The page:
OHS Code Explanation Guide

Published Date: July 01, 2009

Section 468 Blasters

Subsection 468(1)

The intent of the blaster’s permit system is to set the minimum competency requirements for workers who use explosives at a work site. The OHS Code defines the handling of explosives to include “preparing, loading, firing, burning or destroying explosives or detonators”.

Reflecting this definition and the requirements of this section, a worker engaged in the preparation, firing, burning or destruction of explosives is required to either hold a valid blaster’s permit or be under the direct supervision of a person who holds a valid blaster’s permit. The term “direct supervision” means

(a) the worker being supervised is under the personal and continuous visual supervision of the blaster – the two workers must be capable of interacting with one another on a one-on-one basis and must maintain visual contact with one another throughout the performance of the work for which direct supervision is required; and

(b) the two workers must be able to readily and clearly communicate with each other – in noisy or distracting circumstances, hand signals may be appropriate. These signals must be clearly understood by both workers.

The employer is responsible for making sure that these requirements are met and that blasters have a valid blaster’s permit.

Two additional situations can arise in which a worker is not required to have a blaster’s permit:
(1) a worker transporting explosives; and
(2) a worker designated by an employer who delivers explosives to, and/or collects unused explosives from, a blaster(s) at a work site.

The employer must ensure that the worker transporting or delivering/collecting the explosives is competent and trained to do the work safely. The worker must also meet all of the federal government’s requirements under the Dangerous Goods Transportation and Handling Act and Explosives Act (Canada) when transporting explosives.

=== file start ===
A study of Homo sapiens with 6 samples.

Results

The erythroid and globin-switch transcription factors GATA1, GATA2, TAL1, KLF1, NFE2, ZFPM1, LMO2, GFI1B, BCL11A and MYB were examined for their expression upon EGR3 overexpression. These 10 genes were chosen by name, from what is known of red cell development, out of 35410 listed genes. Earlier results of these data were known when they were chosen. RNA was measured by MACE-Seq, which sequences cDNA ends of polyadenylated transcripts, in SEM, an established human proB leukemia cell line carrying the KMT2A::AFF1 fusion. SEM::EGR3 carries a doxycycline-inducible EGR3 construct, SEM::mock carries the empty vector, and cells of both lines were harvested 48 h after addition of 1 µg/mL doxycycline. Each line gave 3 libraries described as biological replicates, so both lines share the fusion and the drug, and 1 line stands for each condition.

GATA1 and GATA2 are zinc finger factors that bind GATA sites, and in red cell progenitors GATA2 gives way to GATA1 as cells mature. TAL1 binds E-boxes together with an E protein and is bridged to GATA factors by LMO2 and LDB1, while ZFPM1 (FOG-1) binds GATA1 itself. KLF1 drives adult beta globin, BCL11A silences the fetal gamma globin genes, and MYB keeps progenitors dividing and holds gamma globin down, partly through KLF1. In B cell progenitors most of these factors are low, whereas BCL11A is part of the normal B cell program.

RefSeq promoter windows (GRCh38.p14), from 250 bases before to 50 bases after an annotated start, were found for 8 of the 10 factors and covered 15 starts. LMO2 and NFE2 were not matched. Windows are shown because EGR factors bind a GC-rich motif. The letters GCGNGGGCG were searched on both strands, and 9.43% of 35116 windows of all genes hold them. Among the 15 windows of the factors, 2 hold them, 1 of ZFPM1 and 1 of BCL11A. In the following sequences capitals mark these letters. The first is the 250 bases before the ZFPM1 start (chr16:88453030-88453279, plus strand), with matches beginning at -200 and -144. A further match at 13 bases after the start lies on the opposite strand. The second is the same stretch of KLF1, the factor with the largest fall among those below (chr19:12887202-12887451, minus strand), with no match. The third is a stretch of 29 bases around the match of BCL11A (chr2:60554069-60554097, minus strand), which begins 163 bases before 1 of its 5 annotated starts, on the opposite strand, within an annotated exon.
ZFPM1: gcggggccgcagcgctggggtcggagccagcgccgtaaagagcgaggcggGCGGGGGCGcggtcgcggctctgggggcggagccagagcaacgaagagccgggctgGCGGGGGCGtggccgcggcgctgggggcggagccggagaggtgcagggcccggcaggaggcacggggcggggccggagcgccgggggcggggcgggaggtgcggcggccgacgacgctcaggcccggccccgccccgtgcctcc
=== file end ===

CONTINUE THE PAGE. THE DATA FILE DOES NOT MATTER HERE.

Subsection 468(2)

The employer is responsible for making sure that the blasting area – the area extending at least 50 metres in all directions from any place in which explosives are being prepared, fired, destroyed or in which armed charges are known or believed to exist – is under the direction and control of a blaster. A blaster has the knowledge, training and experience required to safely direct and control activities taking place in the area. The blaster must have a valid Blaster’s permit.

Subsection 468(3)

At work sites where there is more than one blaster with a valid blaster’s permit, the employer must designate one blaster to be in charge of all blasting operations. Well-defined control and management of the blasting area is critical to worker safety. Specific individuals must be designated to make decisions and be accountable for work practices and safety at the work site. To avoid problems related to communication and responsibility, one blaster must be designated as the “blaster-in-charge”.

Subsection 468(4)

The blaster must have direction and control of the blasting area. All work involving blasting must be done according to the employer’s written safe work procedures (see section 467) and current safety regulations.

The blaster and other workers are required to use the safeguards, safety appliances, personal protective equipment and other devices required by the OHS Code.